Think of it as an interface on guitar-specific steroids. During a recent visit to Avid's studios in Irwindale, CA, we were treated to a demo/walkthrough that highlighted the Eleven Rack's ability to solve many problems that guitarists have been dealing with for years: latency, the ability to recreate DAW-tweaked tones live, reamping limitations due to an interfaces , guitar signal impedance limitations, and that overall nonrealistic feel that keeps many players from exploring the possibilities of plug-in technology.
The Eleven Rack is a rackmountable recording and signal processing system that does the DSP work for you so that your computer doesn't have to. That means that you can use the unit live onstage and recreate the exact tones you recorded with, without a computer attached to it. However, there are advantages to using Eleven Rack with a computer -- more on that in a bit. Eleven Rack has an LED screen on its front panel that allows you to do everything you're used to doing with the Eleven package of plug-in effects. Eleven involves a connoisseur's collection of vintage and modern amps, cabs and effects, while giving you far-reaching signal path and internal component tweaking ability.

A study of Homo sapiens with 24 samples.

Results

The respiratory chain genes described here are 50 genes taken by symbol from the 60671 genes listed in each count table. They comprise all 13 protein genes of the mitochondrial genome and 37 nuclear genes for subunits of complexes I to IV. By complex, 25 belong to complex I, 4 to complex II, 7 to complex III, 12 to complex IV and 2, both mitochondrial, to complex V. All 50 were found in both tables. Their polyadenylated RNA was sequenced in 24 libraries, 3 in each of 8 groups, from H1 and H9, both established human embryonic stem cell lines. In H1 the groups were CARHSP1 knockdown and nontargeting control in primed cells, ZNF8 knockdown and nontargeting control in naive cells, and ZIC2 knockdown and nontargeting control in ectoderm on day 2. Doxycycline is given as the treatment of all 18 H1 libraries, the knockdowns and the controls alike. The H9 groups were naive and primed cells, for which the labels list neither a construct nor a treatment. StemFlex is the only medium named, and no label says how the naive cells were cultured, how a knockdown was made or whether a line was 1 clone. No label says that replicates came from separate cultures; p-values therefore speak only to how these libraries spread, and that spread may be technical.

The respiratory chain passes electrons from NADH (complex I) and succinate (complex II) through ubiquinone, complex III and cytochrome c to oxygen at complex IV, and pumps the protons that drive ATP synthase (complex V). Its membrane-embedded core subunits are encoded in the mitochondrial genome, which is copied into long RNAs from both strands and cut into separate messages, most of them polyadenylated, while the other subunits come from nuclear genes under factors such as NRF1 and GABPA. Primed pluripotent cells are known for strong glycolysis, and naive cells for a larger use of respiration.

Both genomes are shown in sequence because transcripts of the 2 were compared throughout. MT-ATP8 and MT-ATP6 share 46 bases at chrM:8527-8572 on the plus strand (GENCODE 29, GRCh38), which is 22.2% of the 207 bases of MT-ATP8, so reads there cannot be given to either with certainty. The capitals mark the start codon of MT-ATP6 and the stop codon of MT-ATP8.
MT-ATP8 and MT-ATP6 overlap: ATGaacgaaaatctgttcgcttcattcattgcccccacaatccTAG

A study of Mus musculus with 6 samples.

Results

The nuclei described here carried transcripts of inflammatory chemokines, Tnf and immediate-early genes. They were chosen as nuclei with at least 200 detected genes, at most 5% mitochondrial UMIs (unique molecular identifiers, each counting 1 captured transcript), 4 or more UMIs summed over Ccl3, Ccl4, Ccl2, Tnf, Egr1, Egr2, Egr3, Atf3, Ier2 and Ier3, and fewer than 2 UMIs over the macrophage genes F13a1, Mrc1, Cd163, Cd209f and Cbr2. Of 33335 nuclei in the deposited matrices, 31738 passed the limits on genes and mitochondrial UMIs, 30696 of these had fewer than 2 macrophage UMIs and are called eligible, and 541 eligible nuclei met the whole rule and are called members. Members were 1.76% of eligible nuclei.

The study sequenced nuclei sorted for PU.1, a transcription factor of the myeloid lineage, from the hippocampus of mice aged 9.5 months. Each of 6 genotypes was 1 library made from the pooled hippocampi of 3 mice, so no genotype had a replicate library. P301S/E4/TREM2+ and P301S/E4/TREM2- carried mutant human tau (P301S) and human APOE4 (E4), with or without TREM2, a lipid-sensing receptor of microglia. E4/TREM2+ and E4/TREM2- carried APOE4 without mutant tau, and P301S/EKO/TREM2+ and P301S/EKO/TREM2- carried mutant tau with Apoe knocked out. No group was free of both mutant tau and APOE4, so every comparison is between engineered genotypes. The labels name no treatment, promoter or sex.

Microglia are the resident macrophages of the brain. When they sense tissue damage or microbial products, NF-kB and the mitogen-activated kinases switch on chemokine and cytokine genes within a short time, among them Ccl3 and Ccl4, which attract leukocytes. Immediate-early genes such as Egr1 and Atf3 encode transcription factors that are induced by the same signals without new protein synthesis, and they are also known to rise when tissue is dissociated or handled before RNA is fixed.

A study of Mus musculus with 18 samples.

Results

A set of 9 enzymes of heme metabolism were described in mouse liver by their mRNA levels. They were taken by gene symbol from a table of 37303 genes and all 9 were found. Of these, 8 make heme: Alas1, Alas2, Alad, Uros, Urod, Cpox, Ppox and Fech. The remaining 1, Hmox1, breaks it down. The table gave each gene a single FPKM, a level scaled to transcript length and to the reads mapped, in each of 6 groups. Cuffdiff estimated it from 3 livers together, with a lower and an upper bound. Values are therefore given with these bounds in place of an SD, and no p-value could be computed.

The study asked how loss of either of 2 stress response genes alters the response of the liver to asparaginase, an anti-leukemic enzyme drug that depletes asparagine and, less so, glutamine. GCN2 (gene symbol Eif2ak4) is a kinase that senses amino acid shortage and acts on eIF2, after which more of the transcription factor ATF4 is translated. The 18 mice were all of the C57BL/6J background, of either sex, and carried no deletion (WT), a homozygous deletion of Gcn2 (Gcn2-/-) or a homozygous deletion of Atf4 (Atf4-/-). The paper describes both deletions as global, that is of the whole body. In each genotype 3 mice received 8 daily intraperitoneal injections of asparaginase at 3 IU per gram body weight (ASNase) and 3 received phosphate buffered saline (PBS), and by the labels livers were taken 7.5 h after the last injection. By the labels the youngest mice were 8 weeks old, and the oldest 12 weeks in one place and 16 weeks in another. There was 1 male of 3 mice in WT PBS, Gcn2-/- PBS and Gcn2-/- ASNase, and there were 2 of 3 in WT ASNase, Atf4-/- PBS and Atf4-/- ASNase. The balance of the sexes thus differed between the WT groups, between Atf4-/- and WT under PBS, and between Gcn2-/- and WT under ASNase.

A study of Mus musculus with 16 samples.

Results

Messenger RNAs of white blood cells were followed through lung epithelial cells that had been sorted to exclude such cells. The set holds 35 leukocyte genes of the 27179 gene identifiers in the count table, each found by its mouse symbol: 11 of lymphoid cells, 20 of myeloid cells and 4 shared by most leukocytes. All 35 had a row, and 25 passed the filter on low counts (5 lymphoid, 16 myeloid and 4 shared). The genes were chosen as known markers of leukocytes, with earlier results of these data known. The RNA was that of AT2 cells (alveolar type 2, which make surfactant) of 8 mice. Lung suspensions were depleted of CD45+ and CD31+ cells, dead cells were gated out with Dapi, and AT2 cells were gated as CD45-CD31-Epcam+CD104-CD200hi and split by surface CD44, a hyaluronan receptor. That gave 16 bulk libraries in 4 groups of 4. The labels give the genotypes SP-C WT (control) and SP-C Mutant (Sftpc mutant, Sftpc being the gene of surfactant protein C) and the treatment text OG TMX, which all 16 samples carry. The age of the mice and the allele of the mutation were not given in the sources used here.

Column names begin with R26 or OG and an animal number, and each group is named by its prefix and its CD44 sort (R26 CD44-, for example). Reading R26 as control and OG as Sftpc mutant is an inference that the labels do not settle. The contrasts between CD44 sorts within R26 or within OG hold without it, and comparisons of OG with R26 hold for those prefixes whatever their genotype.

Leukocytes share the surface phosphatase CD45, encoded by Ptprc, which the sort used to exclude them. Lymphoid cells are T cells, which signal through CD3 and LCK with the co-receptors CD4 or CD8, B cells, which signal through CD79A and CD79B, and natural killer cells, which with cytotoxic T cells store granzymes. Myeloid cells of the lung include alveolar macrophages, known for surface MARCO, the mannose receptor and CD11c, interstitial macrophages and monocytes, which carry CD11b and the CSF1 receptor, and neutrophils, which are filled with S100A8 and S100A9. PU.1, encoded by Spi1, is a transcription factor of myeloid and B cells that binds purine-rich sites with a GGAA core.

One of the coolest things about Eleven Rack's eight simultaneous recording capable inputs is the True-Z auto-impedance matching input that recreates the electronic connection between your guitar and an amp or effect. This isn't done with digital processing, either—analog components are used to detect and adjust the input impedance from your guitar's pickups and adjust the signal for a proper match for the particular amp/effects you're using within Eleven. The result: you get the nuances you're used to—both in feel and sound. With the ability to record both dry and processed signals, your reamping options are endless—you can even reamp later without doing the cable patching tango.
The unit has stereo balanced XLR outs and dedicated 1/4" outs designed to connect with amps. There's a headphone out, AES/EBU, S/PDIF and MIDI connectivity, and a high speed USB 2.0 connection.
We were impressed with our demo and spent hours checking out various tones and experimenting with signal path variations, effects settings, and reamping possibilities. When hooked to a computer you can continue to use the unit's control panel or the computer itself to adjust your effects selection, signal chain order or other various settings. We had our video camera with us so we shot a quick walkthrough and demo'd a few tones, but were barely able to scratch the surface of what the Eleven Rack is capable of, so we recommend that you check out Digidesign's website for the full skinny and studio-quality audio of the Eleven Rack's tonal possibilities. Keep an eye out for our review, by the way--we'll be putting the Eleven Rack through its paces here at our own studios and reporting our findings soon.